It was a good planting season in most of the Corn Belt. Now that corn is pollinated, you need to protect it from diseases. Which pathogens will be more prevalent this summer depends largely on weather conditions.
Rains are good for crops, but wet weather is also good for many diseases that are opportunistic. Some leaf diseases might develop and dominate in August. You need to watch out for these:
Gray leaf spot. This disease shows up to some degree almost every year. According to the Purdue University Corn & Soybean Field Guide, odds for gray leaf spot go up with warm, humid weather, especially with long dew periods, often in the mornings. If the weather turns dry, gray leaf spot may be less of a threat. However, this disease can show up into September and still cause yield loss if conditions produce an outbreak.
Northern corn leaf blight. This disease prefers moderate temperatures between 65 and 89 degrees F with long dew periods. So far, 2021 has featured rather wild up and down temperature swings. Even though northern corn leaf blight is less likely if it’s warmer and drier, you can’t rule it out. Lesions are larger and irregularly shaped compared to gray leaf spot lesions. They are grayish or tan in color.
Tar spot. This relatively new disease is caused by two fungi that affect ear husks and leaves. More prevalent in northern counties, it can come in later. Tar spot overwinters in residue, so if it has been identified in your area before, inoculum is likely around. This disease takes hold fastest when it’s cool and humid with prolonged leaf wetness. Even if it’s a dry season, if it turns wet later, be on the lookout for tar spot. It starts out as tiny black specks and can take over whole plants quickly if weather conditions are favorable.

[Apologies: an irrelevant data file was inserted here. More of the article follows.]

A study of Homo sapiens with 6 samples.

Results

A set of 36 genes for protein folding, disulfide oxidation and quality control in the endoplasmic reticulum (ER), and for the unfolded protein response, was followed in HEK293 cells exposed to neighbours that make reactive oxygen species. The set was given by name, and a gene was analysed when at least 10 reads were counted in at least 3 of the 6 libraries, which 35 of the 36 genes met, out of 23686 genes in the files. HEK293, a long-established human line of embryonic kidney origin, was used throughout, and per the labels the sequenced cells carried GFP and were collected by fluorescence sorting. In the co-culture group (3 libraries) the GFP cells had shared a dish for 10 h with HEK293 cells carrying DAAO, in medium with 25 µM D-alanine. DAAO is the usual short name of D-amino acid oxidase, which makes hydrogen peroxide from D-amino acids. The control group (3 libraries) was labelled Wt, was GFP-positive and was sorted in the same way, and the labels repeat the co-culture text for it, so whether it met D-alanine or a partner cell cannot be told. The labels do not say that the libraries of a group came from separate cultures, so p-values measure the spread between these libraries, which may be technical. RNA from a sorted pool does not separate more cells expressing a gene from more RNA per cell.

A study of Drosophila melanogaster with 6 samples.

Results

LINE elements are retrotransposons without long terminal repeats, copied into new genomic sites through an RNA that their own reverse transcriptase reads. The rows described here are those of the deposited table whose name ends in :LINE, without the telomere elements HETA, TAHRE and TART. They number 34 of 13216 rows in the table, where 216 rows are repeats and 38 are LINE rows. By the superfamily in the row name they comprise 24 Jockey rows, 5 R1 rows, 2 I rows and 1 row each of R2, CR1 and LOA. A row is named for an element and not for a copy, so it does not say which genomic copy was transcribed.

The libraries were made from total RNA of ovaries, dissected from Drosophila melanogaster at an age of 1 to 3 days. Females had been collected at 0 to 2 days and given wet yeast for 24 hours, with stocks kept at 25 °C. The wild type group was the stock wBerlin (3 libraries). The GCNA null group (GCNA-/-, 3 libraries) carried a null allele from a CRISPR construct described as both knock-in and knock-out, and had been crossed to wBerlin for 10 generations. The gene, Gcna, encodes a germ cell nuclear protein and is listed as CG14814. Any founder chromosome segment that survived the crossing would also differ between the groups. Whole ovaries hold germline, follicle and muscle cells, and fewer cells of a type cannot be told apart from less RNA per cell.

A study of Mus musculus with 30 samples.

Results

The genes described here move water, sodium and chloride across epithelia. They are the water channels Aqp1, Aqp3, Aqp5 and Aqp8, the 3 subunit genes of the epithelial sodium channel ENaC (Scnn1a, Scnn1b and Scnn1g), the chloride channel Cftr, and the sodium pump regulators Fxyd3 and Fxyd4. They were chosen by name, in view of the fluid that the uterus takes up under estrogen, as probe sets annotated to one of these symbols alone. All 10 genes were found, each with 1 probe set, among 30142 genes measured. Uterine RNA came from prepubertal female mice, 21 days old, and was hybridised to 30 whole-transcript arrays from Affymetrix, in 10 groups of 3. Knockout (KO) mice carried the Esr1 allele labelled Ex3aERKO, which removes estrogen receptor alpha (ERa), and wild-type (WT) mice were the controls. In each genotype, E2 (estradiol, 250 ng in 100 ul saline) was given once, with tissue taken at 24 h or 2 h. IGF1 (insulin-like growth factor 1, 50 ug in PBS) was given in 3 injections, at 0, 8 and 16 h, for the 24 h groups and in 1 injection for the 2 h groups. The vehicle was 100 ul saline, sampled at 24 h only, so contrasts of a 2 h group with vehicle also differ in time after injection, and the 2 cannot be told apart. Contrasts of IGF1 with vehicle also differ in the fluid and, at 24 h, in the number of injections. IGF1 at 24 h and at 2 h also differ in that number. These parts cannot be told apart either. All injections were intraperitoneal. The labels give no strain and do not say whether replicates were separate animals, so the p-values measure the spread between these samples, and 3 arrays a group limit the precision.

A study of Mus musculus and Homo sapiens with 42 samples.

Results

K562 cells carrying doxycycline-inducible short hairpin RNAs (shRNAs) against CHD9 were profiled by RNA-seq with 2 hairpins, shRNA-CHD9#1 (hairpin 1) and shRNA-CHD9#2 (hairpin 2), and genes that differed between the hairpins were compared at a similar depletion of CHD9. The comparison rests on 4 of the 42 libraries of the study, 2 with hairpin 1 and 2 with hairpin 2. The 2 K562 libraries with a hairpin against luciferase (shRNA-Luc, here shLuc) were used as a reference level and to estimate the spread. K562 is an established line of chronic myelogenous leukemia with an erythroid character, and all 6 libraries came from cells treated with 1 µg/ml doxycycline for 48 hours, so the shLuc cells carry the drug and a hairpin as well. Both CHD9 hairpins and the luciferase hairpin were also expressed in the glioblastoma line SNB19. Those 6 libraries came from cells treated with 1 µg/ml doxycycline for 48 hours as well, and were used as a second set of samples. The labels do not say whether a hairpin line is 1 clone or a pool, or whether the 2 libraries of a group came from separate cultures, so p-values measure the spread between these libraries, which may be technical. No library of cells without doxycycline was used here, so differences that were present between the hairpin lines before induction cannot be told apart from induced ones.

Southern rust. This fungus doesn’t survive in Corn Belt climates over winter and must blow in from Southern states. Its presence was felt in some areas in 2020. Typically, it can show up during this time of year. Dew periods of at least seven hours favor rust development, according to observations by Purdue specialists.
At one time, people believed southern rust came in too late to do much harm in the Corn Belt. However, just a few seasons back, it came in hard during the first weekend of September on a storm front and zapped later-planted corn. Some people chose not to spray because it was late, and they didn’t expect big yields anyway. In retrospect, that was a mistake because yield losses were often large.
There are two lessons here: One, scout all the way to the end of the season. Two, especially this year when commodity prices are higher, remember that those first few bushels a disease may steal off the top can be a chunk of your profit.
Nanda is director of genetics for Seed Genetics Direct, Jeffersonville, Ohio. Email [email protected] or call 317-910-9876.